According to public opinion polls, most Americans strongly support wildlife conservation, including the protection of wildlife corridors. Yet conservation efforts by environmental and sportsmen’s groups are often met with resistance by rural stakeholders, often including landowners and local governments. A closer look at current efforts to conserve wildlife corridors can provide helpful insights as to why this happens and how we can find more productive paths forward.
New science and technology are shedding light on the location and importance of wildlife migrations. In response, a suite of efforts is unfolding to conserve wildlife corridors and remove barriers. Unfortunately, these conservation strategies are sometimes designed without the input of local people — particularly landowners — who are often both the most knowledgeable and most impacted. When this happens, conservation strategies can unnecessarily pit wildlife against the needs and interests of working lands and the rural communities they sustain.
The truth is that conserving wildlife and sustaining the economic viability of working lands are both essential. Done right, these things can and should go well together.
There is a reason wildlife is drawn to certain places on the landscape. It’s because those places meet specific needs. If you want to find abundant wildlife, look on a well-managed ranch. If you want to conserve wildlife and wildlife corridors, conserve the ranch. This doesn’t just mean putting conservation easements in place. It means keeping working ranching operations economically viable so the land can be well managed, so the kids can come back home, so rural communities can thrive and in turn sustain the working lands. What we need to recognize is that both wildlife and people depend on public and private working lands for survival. Landowners have to be engaged as primary partners early in this effort, not left out of the conversation, as is so often the case.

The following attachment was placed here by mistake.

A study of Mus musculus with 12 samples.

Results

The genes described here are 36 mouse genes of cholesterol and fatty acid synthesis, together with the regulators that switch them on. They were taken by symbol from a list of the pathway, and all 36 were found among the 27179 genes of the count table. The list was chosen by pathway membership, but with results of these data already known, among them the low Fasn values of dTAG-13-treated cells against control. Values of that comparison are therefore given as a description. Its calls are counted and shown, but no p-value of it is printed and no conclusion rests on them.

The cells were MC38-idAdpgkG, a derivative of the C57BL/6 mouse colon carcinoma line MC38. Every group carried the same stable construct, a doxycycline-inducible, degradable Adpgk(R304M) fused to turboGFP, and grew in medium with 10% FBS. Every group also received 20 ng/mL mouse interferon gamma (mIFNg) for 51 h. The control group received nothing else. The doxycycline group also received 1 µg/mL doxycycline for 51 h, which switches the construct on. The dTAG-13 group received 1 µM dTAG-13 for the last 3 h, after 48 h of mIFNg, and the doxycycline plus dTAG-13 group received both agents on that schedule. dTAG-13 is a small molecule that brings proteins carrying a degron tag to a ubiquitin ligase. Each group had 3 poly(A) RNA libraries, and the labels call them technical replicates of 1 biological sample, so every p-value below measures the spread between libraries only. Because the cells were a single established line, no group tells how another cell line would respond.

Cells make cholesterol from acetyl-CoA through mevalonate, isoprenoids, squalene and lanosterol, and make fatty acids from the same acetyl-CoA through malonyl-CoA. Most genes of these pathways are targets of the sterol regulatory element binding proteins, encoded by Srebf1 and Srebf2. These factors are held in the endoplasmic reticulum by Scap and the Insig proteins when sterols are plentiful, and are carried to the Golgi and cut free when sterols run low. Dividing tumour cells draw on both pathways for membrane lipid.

Just as working lands sustain wildlife, so should wildlife be helpful in sustaining working lands. Wildlife is an important economic driver in Western states, yet in many places, the working lands that sustain the wildlife see the least economic benefit and often experience the greatest impacts. Forage competition, fence damage, disease transmission, depredation, hunting pressure and more can impact the bottom line in a business where profit margins already are low and getting worse. This lopsided relationship is unsustainable and damaging to all interests.
If we want to change the dynamic, we need to flip the whole approach upside down. Instead of looking first for threats, start by looking at what is working. Why is wildlife using that piece of land? What is going right there? Then figure out how to support what is working. Currently, when a wildlife corridor is designated, it is often received as bad news by affected landowners because they fear restrictions, regulations, increased public scrutiny and potentially litigation. Instead, we need to recognize the benefits of working lands, treat landowners as valued partners and find ways to support rather than penalize landowners for providing that habitat. This can mean a whole suite of things — from simple recognition and appreciation to management flexibility, regulatory assurances, risk mitigation, economic benefits and a greater voice in wildlife management decisions.
At the same time, the agricultural community has much to gain by taking pride in our stewardship and proactively identifying and championing win-win strategies for both working lands and wildlife. We need to demonstrate active leadership in sustaining the entire living community of the land within our care. It’s time to to change the dynamic because, under the status quo, we’re losing working lands, wildlife and the West we love.
Lesli Allison is the executive director of the Western Landowners Alliance, a landowner-led network dedicated to the health and prosperity of the American West by working to advance policies and practices that sustain working lands, connected landscapes and native species. She lives in Santa Fe.